Thursday, 5th July, 2018

Jodie Pearce uses a rake to drag a dead emu out of the house tank on Sunnydale Station. PICTURE: Supplied Jodie Pearce uses a rake to drag a dead emu out of the house tank on Sunnydale Station. PICTURE: Supplied

By Craig Brealey

A “stuff-up” in the planning of the pipeline to Broken Hill had caused the death of scores of emus on the Silver City Highway, according to a local grazier.  

Water NSW, which has charge of the project, said it was aware of the problem and had measures in place to deal with it.

The dead and dying birds had turned the Silver City Highway into a “carpet of feathers” for about four kilometres, said Jodie Pearce of Sunnydale Station, about 45km south of Broken Hill.

Mrs Pearce said emus and kangaroos were being killed because the pipeline had  fenced them in.

“Water NSW laid out the pipes along the Silver City Highway months in advance of them being put in the ground,” she told the BDT yesterday.

“They did not leave gaps in between the sections of pipe to let wildlife get through.

“This has seen large mobs of emus in search of water cross the road and, faced with miles of continuous pipe, swing back in a panic and run into oncoming trucks and unsuspecting tourists.

“From Pine Creek back towards Broken Hill we estimate hundreds of emus have been killed. The road for four kilometres is like a carpet of feathers on both sides.”

Mrs Pearce said that yesterday morning she had counted 120 dead emus, and kangaroos, in that short stretch.

“They’re not old carcasses. Some are on the road, injured, just sitting up waiting for a truck to hit them,” she told the BDT.

“I knew it was bad because we’d counted some before, but today I was shocked.”

Mrs Pearce said the animals were dying in the drought and some of the emus that she had found in the homestead’s dam died there.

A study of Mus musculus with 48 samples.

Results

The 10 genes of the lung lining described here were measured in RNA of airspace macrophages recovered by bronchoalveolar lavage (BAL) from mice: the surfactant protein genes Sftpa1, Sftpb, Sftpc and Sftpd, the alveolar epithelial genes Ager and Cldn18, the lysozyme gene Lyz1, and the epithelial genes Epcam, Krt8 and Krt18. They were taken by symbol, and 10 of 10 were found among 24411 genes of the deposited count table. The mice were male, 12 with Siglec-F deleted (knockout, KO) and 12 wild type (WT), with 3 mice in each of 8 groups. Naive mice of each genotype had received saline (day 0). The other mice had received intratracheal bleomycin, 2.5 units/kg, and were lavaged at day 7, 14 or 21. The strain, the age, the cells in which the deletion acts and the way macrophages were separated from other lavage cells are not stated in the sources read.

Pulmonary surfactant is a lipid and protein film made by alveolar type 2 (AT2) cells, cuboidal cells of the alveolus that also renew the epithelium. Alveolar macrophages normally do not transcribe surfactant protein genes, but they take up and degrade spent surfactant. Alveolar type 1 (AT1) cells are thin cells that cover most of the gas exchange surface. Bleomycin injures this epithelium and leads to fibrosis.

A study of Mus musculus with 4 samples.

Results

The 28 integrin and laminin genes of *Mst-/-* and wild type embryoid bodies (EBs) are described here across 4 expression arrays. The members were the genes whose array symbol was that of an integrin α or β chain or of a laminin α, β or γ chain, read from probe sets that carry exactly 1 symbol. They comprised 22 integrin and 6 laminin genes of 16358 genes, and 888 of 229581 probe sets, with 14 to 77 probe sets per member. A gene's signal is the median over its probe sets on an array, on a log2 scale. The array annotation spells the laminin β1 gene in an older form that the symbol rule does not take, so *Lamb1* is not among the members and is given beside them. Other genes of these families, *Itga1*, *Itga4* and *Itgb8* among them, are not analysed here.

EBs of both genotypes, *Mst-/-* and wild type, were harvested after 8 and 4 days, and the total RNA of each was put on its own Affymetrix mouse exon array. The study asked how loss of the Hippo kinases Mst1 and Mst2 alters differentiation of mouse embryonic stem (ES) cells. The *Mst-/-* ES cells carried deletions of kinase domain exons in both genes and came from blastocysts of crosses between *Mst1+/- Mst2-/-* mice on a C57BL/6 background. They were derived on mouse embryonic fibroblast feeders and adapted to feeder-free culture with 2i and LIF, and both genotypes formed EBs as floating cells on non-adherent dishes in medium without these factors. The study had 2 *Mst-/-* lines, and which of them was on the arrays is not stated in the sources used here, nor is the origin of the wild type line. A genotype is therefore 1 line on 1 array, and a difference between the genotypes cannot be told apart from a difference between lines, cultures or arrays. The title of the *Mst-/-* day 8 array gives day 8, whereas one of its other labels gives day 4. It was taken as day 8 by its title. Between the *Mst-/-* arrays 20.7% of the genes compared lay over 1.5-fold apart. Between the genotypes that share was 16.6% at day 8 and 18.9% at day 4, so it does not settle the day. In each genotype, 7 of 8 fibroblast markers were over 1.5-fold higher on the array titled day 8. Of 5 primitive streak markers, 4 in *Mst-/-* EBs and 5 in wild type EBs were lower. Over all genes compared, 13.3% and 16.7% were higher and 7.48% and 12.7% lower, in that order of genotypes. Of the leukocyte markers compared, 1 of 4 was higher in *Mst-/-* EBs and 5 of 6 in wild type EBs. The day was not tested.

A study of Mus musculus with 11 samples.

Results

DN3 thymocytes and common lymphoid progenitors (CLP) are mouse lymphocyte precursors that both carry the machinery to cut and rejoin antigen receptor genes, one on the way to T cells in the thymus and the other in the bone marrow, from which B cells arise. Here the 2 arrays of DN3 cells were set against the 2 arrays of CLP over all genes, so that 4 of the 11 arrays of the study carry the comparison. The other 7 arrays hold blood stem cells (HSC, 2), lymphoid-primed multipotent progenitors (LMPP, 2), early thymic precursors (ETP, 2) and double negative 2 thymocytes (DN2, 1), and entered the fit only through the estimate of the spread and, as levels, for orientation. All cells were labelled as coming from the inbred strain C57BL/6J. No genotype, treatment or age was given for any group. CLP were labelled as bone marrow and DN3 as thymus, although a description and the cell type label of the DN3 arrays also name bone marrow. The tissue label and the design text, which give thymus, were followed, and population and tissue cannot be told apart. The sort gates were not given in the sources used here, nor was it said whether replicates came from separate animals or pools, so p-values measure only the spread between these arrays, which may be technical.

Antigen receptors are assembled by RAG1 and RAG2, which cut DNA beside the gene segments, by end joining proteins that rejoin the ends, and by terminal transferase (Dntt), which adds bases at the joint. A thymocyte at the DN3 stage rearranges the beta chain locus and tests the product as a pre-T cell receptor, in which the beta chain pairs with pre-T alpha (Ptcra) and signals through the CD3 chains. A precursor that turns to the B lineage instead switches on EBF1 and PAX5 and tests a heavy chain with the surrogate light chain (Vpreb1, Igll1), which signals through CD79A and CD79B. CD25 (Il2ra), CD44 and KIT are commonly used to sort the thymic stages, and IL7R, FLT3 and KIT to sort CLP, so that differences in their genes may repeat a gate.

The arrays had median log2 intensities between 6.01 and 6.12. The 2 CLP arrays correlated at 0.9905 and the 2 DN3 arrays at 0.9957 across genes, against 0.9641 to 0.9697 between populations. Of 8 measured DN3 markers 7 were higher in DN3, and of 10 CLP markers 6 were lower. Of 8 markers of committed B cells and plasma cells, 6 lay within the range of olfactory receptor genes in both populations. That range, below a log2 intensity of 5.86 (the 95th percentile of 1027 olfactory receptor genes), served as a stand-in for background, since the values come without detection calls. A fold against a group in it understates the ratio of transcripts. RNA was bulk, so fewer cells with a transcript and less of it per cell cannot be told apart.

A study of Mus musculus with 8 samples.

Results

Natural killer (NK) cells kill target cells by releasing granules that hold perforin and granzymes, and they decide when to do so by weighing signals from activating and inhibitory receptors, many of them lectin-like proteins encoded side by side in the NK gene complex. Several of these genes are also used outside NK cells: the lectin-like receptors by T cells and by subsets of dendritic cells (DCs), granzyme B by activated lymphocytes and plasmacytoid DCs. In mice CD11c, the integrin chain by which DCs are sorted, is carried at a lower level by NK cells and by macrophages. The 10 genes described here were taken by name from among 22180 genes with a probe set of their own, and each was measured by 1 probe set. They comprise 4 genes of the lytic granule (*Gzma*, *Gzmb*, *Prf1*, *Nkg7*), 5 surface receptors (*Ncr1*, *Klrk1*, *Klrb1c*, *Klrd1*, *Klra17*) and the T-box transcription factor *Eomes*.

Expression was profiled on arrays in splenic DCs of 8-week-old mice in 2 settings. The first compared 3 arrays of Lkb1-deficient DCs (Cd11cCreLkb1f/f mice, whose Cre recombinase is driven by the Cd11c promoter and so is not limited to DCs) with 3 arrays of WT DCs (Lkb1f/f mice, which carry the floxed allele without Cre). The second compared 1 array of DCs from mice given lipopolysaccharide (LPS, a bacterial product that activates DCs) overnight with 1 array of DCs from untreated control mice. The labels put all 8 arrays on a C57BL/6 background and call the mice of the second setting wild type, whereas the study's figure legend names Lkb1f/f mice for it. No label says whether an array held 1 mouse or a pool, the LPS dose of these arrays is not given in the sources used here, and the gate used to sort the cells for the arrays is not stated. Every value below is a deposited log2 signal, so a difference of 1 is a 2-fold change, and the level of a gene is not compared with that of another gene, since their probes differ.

“When some skin and bones emus do find a way to get over the pipe they go straight to our house tank, gorge themselves and collapse because they’re exhausted.

“It’s my job each day to drag away the dead ones. It’s nothing to pick them up because they’re so lightweight, the poor things.”

The house tank was also the homestead’s water supply, said Mrs Pearce.

“We shower in this water.”

The pipeline is being run 270 kilometres from Wentworth to Broken Hill and Mrs Pearce said the managers of the project seemed to have little knowledge of the bush.

“This is a major stuff-up by Water NSW,” she said.

“The head boss lives in Sydney and I don’t think they have any idea about the things unique to the outback. They are just pushing on regardless.”

A spokesman for Water NSW’s local “W2BH” project said it had now made space between the pipes for fauna.

“Gaps have been created in the mounds of wind row topsoil to allow space for emus and kangaroos to pass and at all pipeline route turnouts.

“The team’s observation to date is that roos and emus have generally stayed well clear of works, given the noise and activity, but in recent weeks there has been an observed increase in kangaroos and emus in search of water along the highway.”

All W2BH employees had also been briefed about emus and kangaroos on the highway and how to avoid them, the spokesman said.

“There have been eight fauna strikes involving project vehicles since construction started in January.

“Fauna handlers and traffic controllers are on-site and attend to any incidents. The fauna handlers check if an animal needs to be euthanised on site, taken into care or has young.” 

Broken Hill’s Rescue and Rehabilitation of Australian Native Animals (RRANA) had also been brought in to take injured animals to its shelter, the spokesman said.